UD Trucks MD Gert Swanepoel says local truck makers are trying to identify common components they could all use, to justify local production, but gains have been small. Picture: MASI LOSI
UD Trucks MD Gert Swanepoel says local truck makers are trying to identify common components they could all use, to justify local production, but gains have been small. Picture: MASI LOSI

Government plans for a revised local truck manufacturing strategy may never be carried out because of feasibility problems, UD Trucks MD Gert Swanepoel said on Tuesday.

While heavy vehicles are assembled predominantly from imported kits, the Department of Trade and Industry is anxious to increase use of South African-built components.

At present, local value, including parts, labour and energy, is little more than 10% of the vehicles’ total production cost. This compares unfavourably with the average 38% local content in South African-made cars and bakkies, which Trade and Industry Minister Rob Davies believed was inadequate. He wanted to raise that to at least 60% by amending the Automotive Production and Development Programme and its successor (from 2021 to 2035).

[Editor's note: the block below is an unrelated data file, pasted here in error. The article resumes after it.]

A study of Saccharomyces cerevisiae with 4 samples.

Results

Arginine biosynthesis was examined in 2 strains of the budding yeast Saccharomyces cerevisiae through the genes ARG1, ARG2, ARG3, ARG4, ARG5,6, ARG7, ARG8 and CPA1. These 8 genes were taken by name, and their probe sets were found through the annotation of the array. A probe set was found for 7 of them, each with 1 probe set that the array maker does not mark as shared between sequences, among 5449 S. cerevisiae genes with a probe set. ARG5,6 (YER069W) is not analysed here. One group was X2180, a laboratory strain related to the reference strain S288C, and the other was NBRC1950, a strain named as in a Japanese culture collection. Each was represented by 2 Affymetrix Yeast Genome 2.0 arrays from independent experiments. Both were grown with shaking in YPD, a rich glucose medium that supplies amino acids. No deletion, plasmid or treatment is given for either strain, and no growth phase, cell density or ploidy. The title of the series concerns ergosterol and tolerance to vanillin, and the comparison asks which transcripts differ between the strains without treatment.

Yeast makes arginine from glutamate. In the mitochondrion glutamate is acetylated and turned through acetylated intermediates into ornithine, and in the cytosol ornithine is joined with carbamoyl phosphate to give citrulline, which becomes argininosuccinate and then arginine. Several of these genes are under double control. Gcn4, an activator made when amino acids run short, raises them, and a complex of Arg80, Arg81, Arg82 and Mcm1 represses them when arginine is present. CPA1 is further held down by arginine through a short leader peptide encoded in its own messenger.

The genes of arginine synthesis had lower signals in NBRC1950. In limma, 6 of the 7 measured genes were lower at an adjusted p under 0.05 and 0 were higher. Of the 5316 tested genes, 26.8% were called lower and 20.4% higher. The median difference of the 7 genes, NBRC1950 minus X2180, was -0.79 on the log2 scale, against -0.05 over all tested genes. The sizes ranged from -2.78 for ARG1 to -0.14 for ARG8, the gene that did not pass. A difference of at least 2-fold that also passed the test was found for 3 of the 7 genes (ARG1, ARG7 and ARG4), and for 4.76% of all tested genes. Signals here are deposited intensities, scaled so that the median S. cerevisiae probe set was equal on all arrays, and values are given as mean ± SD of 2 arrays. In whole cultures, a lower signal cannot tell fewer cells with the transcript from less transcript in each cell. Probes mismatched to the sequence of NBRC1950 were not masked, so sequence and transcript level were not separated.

He wants trucks to be included in the next stage of policy. Truck industry executives, however, have argued that the plan is not viable. Their industry does not boast the economies of scale enjoyed by car and bakkie makers, where seven major producers and a couple of peripheral companies last year produced 550,000 vehicles. By contrast, nearly 20 truck firms built about 30,000 trucks.

Swanepoel said while companies would like to significantly increase the use of South African-sourced components, it would be hard to justify.

"The reality is that the numbers don’t always add up. We have achieved some small successes but we must recognise that what the [department] wants might not happen."

Marketing director Rory Schulz said: "We think the status quo will remain."

Schulz said local truck makers were trying to identify common components they could all use, to justify local production. But gains had been small. For example, talk of a common 80-litre fuel tank had been complicated by the need for different specifications.

The government also had to recognise that manufacturing decisions had to fit in with the needs of parent truck and bus companies around the world.

Schulz predicted the new-truck market would grow by 1.5% in 2018.